Google-backed online legal services site Rocket Lawyer has launched in the UK days after US rival LegalZoom sued the site for its use of the word ‘free’.
LegalZoom, which is to launch in the UK later this year via an alliance with high street franchise QualitySolicitors (20 September 2012), filed a 14-page suit in California alleging false and misleading advertising, trademark infringement and unfair competition against Rocket Lawyer on 20 November 2012, days before the site’s offical UK launch in London on Wednesday (28 November).
In a press statement LegalZoom, which is being represented by founder Robert Shapiro’s former law firm Glaser Weil Fink Jacobs Howard Avchen & Shapiro, said: “Rocket Lawyer’s advertising includes the false claims that Rocket Lawyer provides ‘free incorporation’, ‘free legal review’, and ‘free help from local attorneys’ despite the fact that access to these ‘free’ services can require paying filing fees or buying a paid membership plan.”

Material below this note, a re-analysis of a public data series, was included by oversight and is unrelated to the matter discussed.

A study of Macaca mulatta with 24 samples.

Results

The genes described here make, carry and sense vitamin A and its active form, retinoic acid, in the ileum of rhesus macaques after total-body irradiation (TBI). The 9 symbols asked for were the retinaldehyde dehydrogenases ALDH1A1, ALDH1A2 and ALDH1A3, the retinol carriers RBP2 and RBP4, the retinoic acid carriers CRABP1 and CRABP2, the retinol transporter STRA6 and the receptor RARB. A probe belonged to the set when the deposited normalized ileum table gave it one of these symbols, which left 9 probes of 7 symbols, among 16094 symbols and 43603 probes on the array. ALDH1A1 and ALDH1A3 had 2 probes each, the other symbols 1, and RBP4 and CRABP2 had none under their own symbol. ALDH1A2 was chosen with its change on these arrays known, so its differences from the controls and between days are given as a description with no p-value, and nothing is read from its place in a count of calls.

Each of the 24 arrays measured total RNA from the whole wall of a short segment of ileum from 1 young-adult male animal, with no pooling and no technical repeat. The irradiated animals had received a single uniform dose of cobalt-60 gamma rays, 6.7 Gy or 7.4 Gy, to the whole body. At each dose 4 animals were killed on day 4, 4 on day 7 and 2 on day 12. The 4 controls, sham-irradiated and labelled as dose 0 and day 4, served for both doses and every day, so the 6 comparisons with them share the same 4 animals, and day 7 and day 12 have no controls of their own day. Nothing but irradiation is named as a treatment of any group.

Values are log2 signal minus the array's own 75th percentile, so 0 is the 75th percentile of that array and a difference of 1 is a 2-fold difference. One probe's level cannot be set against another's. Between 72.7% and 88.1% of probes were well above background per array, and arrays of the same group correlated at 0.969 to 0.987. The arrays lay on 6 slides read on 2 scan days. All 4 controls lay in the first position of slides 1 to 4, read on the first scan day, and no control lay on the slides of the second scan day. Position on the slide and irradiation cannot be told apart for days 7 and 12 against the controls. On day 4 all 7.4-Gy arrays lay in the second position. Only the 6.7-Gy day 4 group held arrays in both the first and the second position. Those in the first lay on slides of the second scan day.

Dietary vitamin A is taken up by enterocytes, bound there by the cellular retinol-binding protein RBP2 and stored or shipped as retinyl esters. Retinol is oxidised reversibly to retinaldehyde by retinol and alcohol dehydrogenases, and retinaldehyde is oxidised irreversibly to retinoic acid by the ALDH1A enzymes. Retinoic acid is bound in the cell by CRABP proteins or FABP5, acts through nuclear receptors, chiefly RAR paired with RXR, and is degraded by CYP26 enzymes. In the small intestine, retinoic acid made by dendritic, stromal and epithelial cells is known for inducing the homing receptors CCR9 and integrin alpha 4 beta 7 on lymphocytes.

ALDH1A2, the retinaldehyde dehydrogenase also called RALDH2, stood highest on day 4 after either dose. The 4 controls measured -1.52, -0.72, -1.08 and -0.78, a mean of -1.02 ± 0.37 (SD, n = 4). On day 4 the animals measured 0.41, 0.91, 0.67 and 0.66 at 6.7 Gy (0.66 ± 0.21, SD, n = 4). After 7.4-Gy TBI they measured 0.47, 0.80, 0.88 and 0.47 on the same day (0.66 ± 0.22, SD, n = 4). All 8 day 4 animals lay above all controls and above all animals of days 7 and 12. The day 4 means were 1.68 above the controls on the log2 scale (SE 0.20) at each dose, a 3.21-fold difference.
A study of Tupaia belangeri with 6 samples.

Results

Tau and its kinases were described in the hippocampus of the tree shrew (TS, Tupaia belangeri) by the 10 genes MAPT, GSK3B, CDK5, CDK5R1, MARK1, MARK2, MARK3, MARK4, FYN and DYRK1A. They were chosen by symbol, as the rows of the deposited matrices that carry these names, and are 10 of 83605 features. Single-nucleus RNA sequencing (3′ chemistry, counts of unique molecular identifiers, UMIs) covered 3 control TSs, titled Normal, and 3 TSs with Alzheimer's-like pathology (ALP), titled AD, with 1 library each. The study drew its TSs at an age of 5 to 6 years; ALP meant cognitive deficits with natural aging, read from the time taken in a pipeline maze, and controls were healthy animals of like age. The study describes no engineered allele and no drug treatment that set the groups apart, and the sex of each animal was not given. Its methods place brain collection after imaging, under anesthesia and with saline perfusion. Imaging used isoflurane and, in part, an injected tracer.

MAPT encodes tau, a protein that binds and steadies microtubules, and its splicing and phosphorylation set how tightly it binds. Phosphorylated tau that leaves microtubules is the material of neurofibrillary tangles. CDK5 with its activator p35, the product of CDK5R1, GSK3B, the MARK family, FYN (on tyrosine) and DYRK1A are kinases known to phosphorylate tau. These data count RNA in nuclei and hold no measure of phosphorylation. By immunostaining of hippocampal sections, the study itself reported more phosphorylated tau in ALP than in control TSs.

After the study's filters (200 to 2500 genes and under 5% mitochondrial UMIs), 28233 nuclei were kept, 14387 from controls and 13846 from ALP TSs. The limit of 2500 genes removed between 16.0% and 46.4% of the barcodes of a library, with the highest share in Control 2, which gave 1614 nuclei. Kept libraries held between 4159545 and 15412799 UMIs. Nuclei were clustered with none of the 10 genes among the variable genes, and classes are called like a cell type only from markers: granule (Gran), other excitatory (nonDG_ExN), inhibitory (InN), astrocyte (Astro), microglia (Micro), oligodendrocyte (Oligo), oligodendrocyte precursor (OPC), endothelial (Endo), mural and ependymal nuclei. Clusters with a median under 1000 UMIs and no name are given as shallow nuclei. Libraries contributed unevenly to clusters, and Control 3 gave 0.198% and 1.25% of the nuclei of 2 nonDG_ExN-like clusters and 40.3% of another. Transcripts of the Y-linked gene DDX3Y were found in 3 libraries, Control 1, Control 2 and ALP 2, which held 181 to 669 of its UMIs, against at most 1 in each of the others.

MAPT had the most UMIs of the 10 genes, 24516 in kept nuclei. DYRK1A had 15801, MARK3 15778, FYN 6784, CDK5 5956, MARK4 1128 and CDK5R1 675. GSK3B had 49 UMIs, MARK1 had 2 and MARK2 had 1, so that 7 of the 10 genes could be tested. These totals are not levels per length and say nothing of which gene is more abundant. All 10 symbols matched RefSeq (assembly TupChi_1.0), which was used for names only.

Rocket Lawyer CEO Charles Moore, who has turned to Goodwin Procter for external legal advice, told The Lawyer that LegalZoom has “set out to tear down the competitor,” pointing to the likes of Facebook and Dropbox as evidence that “the world’s top websites offer something for free”.
The San Francisco-based site invites members to make their first online legal document free of charge after which it will offer a one-week trial. Individuals or small businesses can then opt for a fixed-fee service that gives access to Rocket Lawyer’s panel of 10 local firms, which so far includes Stephensons Solicitors, Richard Nelson and Berry Smith.
The legal document site, which launched in the US in 2008, is backed by Google Ventures, August Capital, Investor AB, and Industry Ventures and has raised over $25m in investments. LegalZoom was co-founded in 2001 by Robert Shapiro, the former Glaser Weil Fink Jacobs Howard Avchen & Shapiro lawyer who defended American football star OJ Simpson during his murder trial in 1995.